Monday, December 17, 2007

WIC Takes a Stand for Women

By Courtney Westlake

If there is any doubt about the vitality and success of the Women's Issues Caucus on campus, you just need to look at the wall in the Women's Center, which is lined with recognition.

Most recently, the UIS Student Government Association has awarded the club the President's Award for Best Student Event for the Rising Up of the Springdale Ladies Aides Society performance, as well as two other President's Awards for the production of the Vagina Monologues. The SGA also gave WIC the recognition of Outstanding Student Organization on campus.

The active Women's Issues Caucus at UIS seeks to raise awareness, encourage leadership and be a voice for women on campus. In the past couple of years, the group has brought nationally-known presenters to speak to the campus community, held a Day of Action for a Student Senate Bill and become involved in the annual Oxfam Hunger Banquet, with this year's theme being "Poverty Has a Woman's Face."

"One thing I was most proud of was our pay equity bake sale, where we pointed out the wage disparities for men and women," said Amanda Looney, who is also the graduate assistant for the Women's Center, which allows her to serve as a liaison between the Women's Center and WIC. "We then donated the money we raised to a local women's shelter, which was wonderful."

The Women's Issues Caucus also recognizes the student leaders within the group with a Student Activism award, said Ashley Rook, the current chair of WIC.

"It gives really amazing female leaders a chance to have a forum, to be involved and to be recognized," Rook said. "I think it really helps them to develop their leadership skills."

Hanna Collier, who is the chair of finance, is finishing up her first semester in WIC. She said she wanted to get involved in a group where she felt the issues were meaningful and important, and the experience has motivated her to want to get involved in a non-profit sector that deals with women's issues upon graduation in May.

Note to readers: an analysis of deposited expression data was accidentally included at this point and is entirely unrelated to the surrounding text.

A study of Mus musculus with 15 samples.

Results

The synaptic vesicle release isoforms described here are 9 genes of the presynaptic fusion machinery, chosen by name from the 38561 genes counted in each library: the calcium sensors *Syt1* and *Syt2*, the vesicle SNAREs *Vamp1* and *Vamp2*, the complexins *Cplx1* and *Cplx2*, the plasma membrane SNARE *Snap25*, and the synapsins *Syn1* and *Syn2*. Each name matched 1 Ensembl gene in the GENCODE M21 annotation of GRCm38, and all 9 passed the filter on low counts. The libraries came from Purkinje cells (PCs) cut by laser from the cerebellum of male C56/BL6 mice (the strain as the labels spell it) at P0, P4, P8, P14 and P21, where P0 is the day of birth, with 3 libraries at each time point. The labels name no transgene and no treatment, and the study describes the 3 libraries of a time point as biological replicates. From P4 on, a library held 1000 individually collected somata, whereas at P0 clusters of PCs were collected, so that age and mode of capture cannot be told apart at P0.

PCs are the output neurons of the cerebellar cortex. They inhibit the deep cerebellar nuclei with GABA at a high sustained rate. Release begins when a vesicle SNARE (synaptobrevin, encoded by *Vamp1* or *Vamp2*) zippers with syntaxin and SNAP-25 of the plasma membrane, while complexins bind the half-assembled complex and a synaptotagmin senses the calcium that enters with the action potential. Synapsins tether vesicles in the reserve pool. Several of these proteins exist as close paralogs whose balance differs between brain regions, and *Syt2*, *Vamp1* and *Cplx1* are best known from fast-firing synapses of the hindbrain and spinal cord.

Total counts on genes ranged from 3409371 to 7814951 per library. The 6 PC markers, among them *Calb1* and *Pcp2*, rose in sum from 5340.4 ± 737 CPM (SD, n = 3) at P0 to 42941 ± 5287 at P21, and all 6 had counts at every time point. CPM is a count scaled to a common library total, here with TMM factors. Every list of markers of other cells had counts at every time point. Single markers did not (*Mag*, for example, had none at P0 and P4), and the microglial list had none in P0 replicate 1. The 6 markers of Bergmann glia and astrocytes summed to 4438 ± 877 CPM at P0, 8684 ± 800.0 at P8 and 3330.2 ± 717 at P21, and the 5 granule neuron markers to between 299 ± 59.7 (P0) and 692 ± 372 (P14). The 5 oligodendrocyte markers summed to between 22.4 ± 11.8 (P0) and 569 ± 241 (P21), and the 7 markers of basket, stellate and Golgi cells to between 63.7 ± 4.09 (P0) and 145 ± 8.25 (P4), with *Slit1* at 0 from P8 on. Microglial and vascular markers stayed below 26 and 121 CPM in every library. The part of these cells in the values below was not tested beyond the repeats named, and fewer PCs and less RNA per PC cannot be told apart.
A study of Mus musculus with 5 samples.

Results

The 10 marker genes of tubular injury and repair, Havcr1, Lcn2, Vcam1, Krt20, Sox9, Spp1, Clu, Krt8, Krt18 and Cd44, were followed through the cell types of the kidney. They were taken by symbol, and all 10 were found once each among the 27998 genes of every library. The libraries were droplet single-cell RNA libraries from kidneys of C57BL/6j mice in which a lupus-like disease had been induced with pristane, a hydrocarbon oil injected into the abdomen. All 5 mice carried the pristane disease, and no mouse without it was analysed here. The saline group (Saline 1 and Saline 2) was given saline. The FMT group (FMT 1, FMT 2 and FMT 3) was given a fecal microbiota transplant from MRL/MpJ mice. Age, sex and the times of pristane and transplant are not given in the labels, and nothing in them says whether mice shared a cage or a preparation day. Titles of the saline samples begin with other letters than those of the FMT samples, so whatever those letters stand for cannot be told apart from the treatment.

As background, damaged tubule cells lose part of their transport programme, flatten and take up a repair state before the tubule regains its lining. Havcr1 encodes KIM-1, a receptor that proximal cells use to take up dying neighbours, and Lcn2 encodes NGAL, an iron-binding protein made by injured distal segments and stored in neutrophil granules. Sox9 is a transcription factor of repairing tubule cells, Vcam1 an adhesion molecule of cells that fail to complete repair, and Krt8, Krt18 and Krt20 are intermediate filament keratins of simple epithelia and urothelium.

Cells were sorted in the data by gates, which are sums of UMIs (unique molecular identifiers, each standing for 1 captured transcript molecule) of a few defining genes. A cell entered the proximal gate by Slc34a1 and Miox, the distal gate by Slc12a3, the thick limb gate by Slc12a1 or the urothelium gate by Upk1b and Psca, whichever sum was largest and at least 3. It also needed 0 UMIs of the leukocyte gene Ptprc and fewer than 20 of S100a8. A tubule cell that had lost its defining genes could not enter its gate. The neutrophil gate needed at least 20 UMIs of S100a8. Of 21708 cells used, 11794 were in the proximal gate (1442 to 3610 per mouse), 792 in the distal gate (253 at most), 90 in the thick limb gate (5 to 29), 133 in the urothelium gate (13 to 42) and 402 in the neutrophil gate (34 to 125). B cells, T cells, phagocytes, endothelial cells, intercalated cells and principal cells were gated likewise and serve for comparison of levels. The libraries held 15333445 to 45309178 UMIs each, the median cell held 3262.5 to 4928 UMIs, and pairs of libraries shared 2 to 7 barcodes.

"We try to counter images about what feminism is and how it's perceived on this campus," Collier said. "It's important to have this group to show that gender issues and women's issues are really important and shouldn't be as controversial as it is. We do need to deal with things like sexual assault, women in the media and pay equity."

Collier, Rook and Looney agreed that being members of the Women's Issues Caucus has not only strengthened their leadership skills but also helped them to make new friends.

"I really like being able to help the women on campus through advocacy, and I also like the social aspect of being in WIC," Looney said. "It's really helped me to meet other women with similar interests to me, and also to help women on campus with issues and educate women and everyone about what is a women's issue and what we can do about that."

WIC is an extremely collaborative effort between its executive board and general members, Rook said, with time split between coordinating events, addressing needs of women on campus and much more.

"There are so many issues that pop up between all of our programming, and it's really great to be organized and have a forum to speak out," Rook said. "Lynn (Otterson, Women's Center director) likes to compare our organization to a car with the key in the ignition; it's not on, but we're ready at any time."